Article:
How Software Testing Life Cycle (STLC) works in Waterfall, V-model and Agile?

As a Software Quality Engineer, I have been through many interviews in my early career and the most frequently asked question was about software testing life cycle. I tried to cram the answer but soon I realized that it is a very wider concept and I have to consider the complete picture before deciding what it actually is.

So I decided to help my readers to understand the concept in a simpler way.

So what is Software Testing Life Cycle (STLC)?

Software Testing Life Cycle is a group of circularly arranged testing activities, in a specific sequence to understand and test the software in a structured way. These activities are mostly coupled with one or more software development stages and are not bound to testing stage itself only.

Why do we need it?

A lot of people might be wondering that testing is a very simple process in which you can just take a product and test it whenever you need, then why does it have a rocket science behind it?

Well, it’s not as simple as it seems. Always remember that a good process always leads to a good product. We require following a systematic approach towards testing because it is a serious job and no risks should be taken in it.

In order to help you understand better about STLC, let’s have a look at some generic stages of STLC in most widely used software development process models.

Note: Please also noted that these stages are not fixed ones. We can always make a hybrid STLC according to the nature and needs of the organization and the product.

Software Testing Life Cycle in Water-fall Model

In a traditional cycle, we can have the following concrete stages and there is only one testing cycle in this approach and no two stages can be executed parallel.

  1. Requirement analysis: The team first double checks the clarity and of the requirement and discusses the agreed requirements. Then they thoroughly study them to get a grip on the scope of the system and mirror it in a Requirement Traceability Matrix.
  2. Test Planning: The techniques and approaches of the tests are discussed, finalized and documented as a Test Plan in this stage. It is important for all the team members, to brain storm and choose the technique with the smartest test coverage.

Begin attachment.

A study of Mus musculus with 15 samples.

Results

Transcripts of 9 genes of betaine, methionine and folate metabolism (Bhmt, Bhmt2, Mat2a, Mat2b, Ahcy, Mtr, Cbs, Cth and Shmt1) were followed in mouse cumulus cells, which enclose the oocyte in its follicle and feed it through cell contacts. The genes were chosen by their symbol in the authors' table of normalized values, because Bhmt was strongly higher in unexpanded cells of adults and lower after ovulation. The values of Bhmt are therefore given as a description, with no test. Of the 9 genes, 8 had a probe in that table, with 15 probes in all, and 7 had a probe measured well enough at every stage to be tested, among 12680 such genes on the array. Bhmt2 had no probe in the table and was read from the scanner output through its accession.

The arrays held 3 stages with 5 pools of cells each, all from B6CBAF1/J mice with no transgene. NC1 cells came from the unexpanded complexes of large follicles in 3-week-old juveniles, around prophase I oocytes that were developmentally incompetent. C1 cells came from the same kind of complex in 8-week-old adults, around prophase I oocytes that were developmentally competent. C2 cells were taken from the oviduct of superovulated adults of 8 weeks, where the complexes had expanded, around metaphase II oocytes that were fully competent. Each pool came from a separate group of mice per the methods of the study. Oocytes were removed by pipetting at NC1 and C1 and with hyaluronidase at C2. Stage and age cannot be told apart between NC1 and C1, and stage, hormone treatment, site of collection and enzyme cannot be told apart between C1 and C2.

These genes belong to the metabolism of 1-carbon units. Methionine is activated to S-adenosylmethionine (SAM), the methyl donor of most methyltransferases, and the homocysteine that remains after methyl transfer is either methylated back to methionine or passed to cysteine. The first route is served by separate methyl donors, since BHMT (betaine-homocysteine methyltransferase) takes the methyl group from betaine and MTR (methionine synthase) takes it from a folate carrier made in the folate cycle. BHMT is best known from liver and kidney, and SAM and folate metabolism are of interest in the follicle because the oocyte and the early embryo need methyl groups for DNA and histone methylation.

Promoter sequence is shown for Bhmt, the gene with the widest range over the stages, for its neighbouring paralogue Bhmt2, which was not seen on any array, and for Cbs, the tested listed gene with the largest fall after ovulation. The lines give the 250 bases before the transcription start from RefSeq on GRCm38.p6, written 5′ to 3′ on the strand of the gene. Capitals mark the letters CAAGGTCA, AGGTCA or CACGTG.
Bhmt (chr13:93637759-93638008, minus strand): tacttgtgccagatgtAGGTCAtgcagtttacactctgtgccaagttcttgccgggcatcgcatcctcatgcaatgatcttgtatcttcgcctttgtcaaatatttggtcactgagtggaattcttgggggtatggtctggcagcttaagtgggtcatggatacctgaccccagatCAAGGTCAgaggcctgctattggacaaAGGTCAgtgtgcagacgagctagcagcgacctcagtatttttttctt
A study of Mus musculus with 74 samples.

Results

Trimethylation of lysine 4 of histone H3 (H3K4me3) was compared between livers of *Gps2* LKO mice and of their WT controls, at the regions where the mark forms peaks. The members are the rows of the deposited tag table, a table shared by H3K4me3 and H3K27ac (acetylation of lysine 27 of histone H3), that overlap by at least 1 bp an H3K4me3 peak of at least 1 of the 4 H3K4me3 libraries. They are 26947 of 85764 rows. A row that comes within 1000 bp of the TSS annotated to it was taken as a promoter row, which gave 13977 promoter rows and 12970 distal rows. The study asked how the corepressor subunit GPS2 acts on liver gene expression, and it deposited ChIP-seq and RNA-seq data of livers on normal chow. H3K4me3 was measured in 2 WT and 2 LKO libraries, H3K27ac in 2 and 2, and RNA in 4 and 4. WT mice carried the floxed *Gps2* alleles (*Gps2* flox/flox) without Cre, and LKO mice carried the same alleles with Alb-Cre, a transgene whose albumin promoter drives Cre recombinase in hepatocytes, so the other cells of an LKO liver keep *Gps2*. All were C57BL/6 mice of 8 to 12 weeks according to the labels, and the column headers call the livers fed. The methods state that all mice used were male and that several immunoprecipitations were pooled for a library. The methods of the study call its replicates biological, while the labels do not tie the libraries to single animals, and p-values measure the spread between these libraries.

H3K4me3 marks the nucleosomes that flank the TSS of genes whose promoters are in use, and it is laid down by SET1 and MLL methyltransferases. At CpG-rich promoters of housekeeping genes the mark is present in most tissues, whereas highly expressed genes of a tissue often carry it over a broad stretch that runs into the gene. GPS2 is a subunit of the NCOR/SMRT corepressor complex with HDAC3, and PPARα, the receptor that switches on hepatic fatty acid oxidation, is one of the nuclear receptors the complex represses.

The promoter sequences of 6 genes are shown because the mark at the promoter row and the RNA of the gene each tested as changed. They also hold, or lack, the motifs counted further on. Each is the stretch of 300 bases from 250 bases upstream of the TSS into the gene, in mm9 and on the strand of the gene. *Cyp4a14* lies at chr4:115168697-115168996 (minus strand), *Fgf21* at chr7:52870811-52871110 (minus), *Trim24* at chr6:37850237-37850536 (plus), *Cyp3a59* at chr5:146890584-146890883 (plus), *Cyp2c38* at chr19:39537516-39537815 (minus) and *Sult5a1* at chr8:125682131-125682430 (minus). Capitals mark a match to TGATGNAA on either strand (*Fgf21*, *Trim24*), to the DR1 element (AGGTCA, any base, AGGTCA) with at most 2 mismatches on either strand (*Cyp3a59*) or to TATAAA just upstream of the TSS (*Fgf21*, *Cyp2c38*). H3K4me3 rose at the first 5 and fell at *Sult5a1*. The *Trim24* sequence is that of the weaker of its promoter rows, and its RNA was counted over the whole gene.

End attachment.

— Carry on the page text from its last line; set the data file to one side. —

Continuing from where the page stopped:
3. Test Case Design: The QA team creates and cross checks clear and comprehensive Test Cases on an atomic level.
  4. Test Environment Setup: Here either QA or the development team fulfills all the hardware and software requirements to deploy a Test Environment and the team tests the major functionalities. One has to be very careful and focused while doing so because this will determine if the software is stable enough for the testing or not. All the actual testing depends on this activity.
  5. Test Execution: The test cases are run according to the given steps and expected results and every test case is marked as pass OR fail and Test Results are created.
  6. Test Closure Activity: Test And Bug Reports are generated and discussed so that the upcoming risks and failures can be handled by using past experiences and knowledge of the current state of the system.

Software Testing Life Cycle in V-Model


Think of it as, whenever there is an artifact produced, you have to create a corresponding test plan or test case document. Checking of the artifacts will also go side by side with this.

But when the actual coding starts, you will execute the test cases that you have created before, and this way the development and testing will become parallel. After each kind of testing, a document with the test results will be produced. The sequence of testing activities will create a testing cycle as follows:

  1. Unit testing: Developers separately check the functionality of each unit i.e. the smallest building block of the whole system.
  2. Integration testing: Different units are combined and tested to see if they are compatible and are well prepared for the system testing and is performed by the testers.
  3. System testing: Tester combine all the modules and test them as a whole. It is to be seen if the system is catering all the needs of the user either functional or non-functional. Performance, reliability, security, load and stress of the system are examined here.
  4. User acceptance testing: The end users tests the system themselves if the delivered system is according to the contract or not.

Software Testing Life Cycle in Agile


As you can see that the communication is the key, so, all the stages will involve meetings and discussions. In agile team, QA and Development acts as one. So let’s dive into its stages.

  1. Impact assessment: You will analyze that what areas will be at risk if a change is made in any area. This means that QA team has to find out what areas should be focused if a certain change is induced.
  2. Agile Testing Planning: All stakeholders gather to plan the deployment milestones and testing routines and create a flexible timeline of the project.
  3. Release Readiness: You decide either the current release is mature enough to go live or you have to roll back this stage.
  4. Daily Scrums: Semi-formal daily stand-ups are adopted to coordinate the ongoing tasks of each member and discuss the daily goals and weekly targets.
  5. Test Agility Review: Larger stakeholders gather to evaluate the overall progress. They discuss the risks and improve the processes to mitigate them in the future.

In my opinion, agile testing is more feasible and effective because it allows better risk and change management it is neither too rigid like V-model nor too steady paced like Waterfall. So yeah, it’s cool.


1 Comment

  1. ThanhNguyenDiem

    Thank you, the blog post is very helpful for me!